On Wednesday afternoon, the Harvard Innovation Lab — usually home to talks by movers and shakers in the business and entrepreneurship worlds — hosted four world-class athletes for a discussion about the business of sports and how athletes navigate the worlds of social media.
The panel, “Social Capital of the Savvy Athlete,” featured Super Bowl champion Seattle Seahawks firebrand Richard Sherman, Arizona Cardinal All-Pro Larry Fitzgerald, Houston Texans star Arian Foster, and former Denver Bronco and current HBS student Domonique Foxworth. It was moderated by Anita Elberse, professor of business administration at Harvard Business School.
The discussion, focused on what sports stars do off the field, was very candid and veered off the main topic and into issues such as race in sports (which was actually going to be a panel featuring the same players on Harvard’s campus that afternoon), the importance of education, and entrepreneurship.
Walking the Twitter tightrope
One thing that was made clear by the panelists: Operating on Twitter isn’t easy for anyone.
Part of the problem is that many athletes have “brands” that are built up around them that they both need to protect and, too often, feel the need to personify at all times. As Arian Foster said, “At first I was very cognizant of who I wanted to be online, but after awhile, I kind of stopped caring about public perception. With athletes and celebrities, I don’t get a real sense of who anyone really is.”
Foster said that the @ArianFoster is as as close to the real Arian Foster as possible, for good and for bad. “Anyone who opens up a Twitter account can view my thoughts,” he said.
“Everyone should be who they [on Twitter]. People respect you much more for being who you are than for putting on a facade,” Foster added.
Richard Sherman, who received a ton of criticism on social media after his last play celebrations and subsequent interview with Erin Andrews at last year’s NFC Championship, echoed Foster’s thoughts. He said being yourself can sometimes cause negative reactions from people online who expect athletes to all act one specific way.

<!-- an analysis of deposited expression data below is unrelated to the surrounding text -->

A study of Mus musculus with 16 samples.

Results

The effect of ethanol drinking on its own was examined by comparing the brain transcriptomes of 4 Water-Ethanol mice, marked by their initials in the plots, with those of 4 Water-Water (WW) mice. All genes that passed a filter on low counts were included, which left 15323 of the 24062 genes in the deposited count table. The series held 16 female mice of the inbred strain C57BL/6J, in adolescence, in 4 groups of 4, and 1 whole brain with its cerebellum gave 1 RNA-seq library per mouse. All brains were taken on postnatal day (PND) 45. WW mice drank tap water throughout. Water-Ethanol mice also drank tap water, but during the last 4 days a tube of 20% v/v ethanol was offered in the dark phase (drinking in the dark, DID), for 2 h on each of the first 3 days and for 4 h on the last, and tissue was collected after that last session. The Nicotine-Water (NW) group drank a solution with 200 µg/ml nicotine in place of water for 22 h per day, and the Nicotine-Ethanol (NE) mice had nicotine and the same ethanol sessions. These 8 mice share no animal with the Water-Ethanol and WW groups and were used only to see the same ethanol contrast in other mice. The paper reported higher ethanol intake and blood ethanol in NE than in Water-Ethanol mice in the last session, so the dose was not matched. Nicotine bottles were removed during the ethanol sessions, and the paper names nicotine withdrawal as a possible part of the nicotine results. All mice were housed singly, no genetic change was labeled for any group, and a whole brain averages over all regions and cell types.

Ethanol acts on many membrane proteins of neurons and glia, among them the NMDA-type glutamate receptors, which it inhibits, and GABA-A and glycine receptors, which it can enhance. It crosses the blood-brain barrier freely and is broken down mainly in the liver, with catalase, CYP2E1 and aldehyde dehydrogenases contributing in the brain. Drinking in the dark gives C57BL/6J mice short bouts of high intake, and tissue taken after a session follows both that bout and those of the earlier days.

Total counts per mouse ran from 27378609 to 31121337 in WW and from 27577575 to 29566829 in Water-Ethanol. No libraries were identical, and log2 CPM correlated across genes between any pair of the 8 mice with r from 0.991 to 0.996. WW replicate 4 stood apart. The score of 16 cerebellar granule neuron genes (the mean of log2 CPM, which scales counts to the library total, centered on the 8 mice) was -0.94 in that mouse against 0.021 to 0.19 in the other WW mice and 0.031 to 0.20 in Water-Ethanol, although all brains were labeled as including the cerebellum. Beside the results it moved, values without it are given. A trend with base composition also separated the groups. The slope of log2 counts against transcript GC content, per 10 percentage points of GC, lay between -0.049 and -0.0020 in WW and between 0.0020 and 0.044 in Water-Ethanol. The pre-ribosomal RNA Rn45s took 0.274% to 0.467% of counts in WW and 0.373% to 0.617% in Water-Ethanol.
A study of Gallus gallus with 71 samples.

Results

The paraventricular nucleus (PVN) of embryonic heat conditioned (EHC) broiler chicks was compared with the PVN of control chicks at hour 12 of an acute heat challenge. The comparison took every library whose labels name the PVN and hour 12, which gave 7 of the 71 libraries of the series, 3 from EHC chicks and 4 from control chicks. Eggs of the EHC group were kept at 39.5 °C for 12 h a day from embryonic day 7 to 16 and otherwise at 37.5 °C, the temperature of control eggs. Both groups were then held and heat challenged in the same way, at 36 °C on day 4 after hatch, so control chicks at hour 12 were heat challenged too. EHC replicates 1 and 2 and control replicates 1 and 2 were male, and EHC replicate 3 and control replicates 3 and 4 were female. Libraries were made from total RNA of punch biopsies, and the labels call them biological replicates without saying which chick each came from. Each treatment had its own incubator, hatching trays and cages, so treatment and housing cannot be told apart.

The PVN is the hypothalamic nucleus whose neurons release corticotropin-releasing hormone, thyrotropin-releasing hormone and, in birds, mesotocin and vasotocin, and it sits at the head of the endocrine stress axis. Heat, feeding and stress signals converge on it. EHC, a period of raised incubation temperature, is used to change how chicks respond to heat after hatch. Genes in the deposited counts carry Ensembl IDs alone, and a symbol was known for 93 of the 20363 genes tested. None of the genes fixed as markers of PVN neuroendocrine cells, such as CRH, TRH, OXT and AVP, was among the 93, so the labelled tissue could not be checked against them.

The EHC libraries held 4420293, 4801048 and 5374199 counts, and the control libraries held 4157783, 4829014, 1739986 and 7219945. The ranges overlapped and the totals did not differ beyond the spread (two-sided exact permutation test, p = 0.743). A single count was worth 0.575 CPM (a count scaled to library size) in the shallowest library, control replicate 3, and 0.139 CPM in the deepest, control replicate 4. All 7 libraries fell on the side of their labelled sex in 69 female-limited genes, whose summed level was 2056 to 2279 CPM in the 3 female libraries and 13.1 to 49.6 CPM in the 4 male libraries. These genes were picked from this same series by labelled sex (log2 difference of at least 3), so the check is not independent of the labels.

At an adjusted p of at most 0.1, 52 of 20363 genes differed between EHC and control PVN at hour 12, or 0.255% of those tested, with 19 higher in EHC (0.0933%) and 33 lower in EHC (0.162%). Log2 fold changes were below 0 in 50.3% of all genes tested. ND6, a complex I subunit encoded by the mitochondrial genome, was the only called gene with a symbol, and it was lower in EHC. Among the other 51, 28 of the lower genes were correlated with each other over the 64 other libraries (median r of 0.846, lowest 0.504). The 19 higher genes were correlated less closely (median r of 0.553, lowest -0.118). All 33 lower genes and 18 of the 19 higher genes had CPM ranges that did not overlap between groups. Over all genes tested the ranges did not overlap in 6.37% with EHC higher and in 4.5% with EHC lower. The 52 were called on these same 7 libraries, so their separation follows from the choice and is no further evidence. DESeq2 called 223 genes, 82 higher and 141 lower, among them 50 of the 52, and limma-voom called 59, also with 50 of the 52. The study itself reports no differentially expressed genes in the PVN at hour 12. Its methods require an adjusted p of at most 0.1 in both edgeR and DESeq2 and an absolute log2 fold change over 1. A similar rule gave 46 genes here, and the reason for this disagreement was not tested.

“You have to always be cognizant and aware of how your words can affect people and how you’re going to viewed and how it can affect your brand,” Sherman said.
The “social capital” of social media
Sherman also commented on how social media can have real financial benefits for athletes who have huge numbers of Twitter followers and who have built a trusted “brand” online.
“If you pay attention enough, you can start to get a feel for how your brand is doing by the opinions of others,” Sherman said.
Those opinions, on what someone thinks of his clothes, shoes, etc., can have a real implications for an athlete’s brand. “All that information is valuable, it’s social capital, it’s something that you can get real monetary value from,” he added.
Sherman said that if you gain followers, companies might pay you to tweet support for them. In reality, although marketing through power Twitter users has been going on for awhile now, the capital that can be earned by leveraging fame on Twitter or Facebook is still untapped.
The impact of being real
Being outspoken or being pigeon-holed by perceptions in the world of social media and mainstream media can have monetary effects in terms of not getting a deal as well.
Domonique Foxworth said, “As much as you try to portray the true you on Twitter, it’s still 140 characters and people make assumptions.”
“Richard’s story is that he’s a … thug, that’s his story. While people want to make this one story about you, they don’t want to learn who you actually are, if you make a 140 character message, that could prohibit you [from getting a deal].”
“There is a cost sometimes to take some stances,” Foxworth added. He said that when he talks about gay rights, there is often a Twitter backlash with people calling him names or attacking him. “There is a cost to making these overtures about major issues and trying to present who you are. People make a caricature of you in their mind and decide that’s who you are.”
Foxworth said that most athletes on social media only get one story. Referencing Larry Fitzgerald, Foxworth said that people look up to him because he can run fast or catch a ball well, but they have no idea who he really is, or how much he does for equal rights and missions in Africa.
The discussion moved to a conversation about the use of the word “thug” and some of the racist undertones of a lot of the talk on social media.
They also talked about creating and exposing more kids, especially in the inner city, to the opportunities that are available through education and learning.
As Larry Fitzgerald said, “You sit down with some of these children in inner city schools and you ask them what their goals are and they tell you that they just want to graduate from high school. Since when is that a goal? That should be the norm.” He added that kids should aspire to greater things.
“What you see on TV, the Richard Shermans, Arian Fosters, those guys are great, and they are achieving their goals, but there are other avenues you can explore that can be just as successful as what we are doing as well,” Fitzgerald said.